I found a Yahoo Finance article that takes the digital bolivar - newly born less than 2 weeks ago - and throws it right under the bus.
Let's just lay it all out there:
So I guess, after a lot of uncertainty and talk and murkiness, it is official. It's not a CBDC. It is not blockchain based.
This is like the Long Island Ice Tea company renaming themselves "Long Island Blockchain" to cash in on the hype and get bid up - which actually worked on at least a short term basis for the company I think.
How sad... They don't even want to bother printing the notes anymore but they can't go cashless because too much of what little of an economy is left depends on cash transactions.
Per the article, just like in Zimbabwe, the 3rd redenomination is more about banking, computers and software than anything else. Also like in Zimbabwe with the 4th dollar (now the 4th Bolivar) it is going to be large irrelevant because the economy is mostly dollarized and using the US dollar and the people are fleeing / rejecting the new currency before it even gets out the gate.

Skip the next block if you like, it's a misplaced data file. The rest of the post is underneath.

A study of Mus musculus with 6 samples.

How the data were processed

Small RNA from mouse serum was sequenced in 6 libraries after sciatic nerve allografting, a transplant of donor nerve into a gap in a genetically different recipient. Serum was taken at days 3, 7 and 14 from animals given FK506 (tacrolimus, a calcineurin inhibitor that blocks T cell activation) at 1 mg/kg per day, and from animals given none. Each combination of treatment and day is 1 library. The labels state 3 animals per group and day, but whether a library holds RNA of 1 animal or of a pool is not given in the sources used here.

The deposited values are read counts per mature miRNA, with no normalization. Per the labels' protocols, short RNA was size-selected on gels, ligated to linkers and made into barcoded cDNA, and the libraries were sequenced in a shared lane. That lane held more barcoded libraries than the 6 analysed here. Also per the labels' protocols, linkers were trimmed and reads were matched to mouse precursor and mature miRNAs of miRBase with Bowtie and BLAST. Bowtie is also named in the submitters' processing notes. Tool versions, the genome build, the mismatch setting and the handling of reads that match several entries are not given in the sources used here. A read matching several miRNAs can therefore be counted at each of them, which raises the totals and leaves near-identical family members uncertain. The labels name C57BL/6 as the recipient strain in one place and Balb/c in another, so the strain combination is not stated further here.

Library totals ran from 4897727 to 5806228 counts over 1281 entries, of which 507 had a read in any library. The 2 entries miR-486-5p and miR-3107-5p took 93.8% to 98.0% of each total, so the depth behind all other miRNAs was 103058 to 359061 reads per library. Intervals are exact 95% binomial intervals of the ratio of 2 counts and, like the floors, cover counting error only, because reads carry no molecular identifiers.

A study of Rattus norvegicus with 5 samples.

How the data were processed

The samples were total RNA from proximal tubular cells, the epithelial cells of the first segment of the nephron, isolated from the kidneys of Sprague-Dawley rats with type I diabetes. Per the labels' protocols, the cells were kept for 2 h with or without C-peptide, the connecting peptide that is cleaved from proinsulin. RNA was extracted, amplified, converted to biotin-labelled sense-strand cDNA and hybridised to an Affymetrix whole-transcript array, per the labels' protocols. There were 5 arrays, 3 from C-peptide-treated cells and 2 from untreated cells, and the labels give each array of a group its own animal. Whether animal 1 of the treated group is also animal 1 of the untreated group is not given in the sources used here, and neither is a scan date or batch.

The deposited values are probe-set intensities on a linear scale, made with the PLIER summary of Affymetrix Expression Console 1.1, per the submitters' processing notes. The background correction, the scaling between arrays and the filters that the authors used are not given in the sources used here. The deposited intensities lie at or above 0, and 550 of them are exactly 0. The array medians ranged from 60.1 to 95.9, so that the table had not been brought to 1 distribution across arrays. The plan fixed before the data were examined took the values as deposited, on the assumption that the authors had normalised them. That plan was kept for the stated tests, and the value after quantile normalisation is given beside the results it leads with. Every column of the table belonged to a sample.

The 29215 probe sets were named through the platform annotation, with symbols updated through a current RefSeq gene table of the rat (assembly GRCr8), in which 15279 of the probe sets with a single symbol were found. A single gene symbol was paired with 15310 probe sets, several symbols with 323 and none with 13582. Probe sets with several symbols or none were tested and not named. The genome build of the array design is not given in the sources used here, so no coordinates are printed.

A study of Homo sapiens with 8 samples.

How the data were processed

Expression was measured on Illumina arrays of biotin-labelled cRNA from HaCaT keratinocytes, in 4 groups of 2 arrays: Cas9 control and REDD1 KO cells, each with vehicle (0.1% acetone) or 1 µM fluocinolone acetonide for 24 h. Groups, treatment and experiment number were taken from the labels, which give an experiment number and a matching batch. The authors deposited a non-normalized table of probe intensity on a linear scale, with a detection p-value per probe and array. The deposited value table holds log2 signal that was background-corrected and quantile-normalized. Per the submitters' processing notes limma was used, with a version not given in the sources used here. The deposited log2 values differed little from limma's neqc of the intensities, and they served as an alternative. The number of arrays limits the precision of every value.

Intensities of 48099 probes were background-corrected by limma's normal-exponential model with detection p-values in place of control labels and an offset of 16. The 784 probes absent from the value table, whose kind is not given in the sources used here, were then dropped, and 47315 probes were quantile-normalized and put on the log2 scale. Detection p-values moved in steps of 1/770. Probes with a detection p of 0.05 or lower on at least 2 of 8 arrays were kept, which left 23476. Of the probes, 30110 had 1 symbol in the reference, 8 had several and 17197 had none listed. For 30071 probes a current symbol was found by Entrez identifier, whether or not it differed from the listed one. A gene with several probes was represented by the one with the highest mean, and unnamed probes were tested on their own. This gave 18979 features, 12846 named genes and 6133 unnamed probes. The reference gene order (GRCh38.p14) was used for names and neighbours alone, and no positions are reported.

So, at this point we're up to three redenominations having removed 3, 5 and 6 zeros respectively. So Venezuela is up to having lopped off 14 zeros in 3 redenominations in about 14 years..
Zimbabwe did 3, 10, and 12 and removed 25 zeros in 3 changes of currency in about 3 years- making the Venezuelan's look like amateurs! Total novices, really.
I was pretty against the idea of continuing past P-114 when I thought this was going to have a blockchain component. Given that this is just a new fiat currency with a disingenuous name, I'm a little more inclined to continue with the new Bolivares. This does kind of wreck my "Strength and Sovereignty" name...
"Strength and Sovereignty, Blown to Digital Bits?"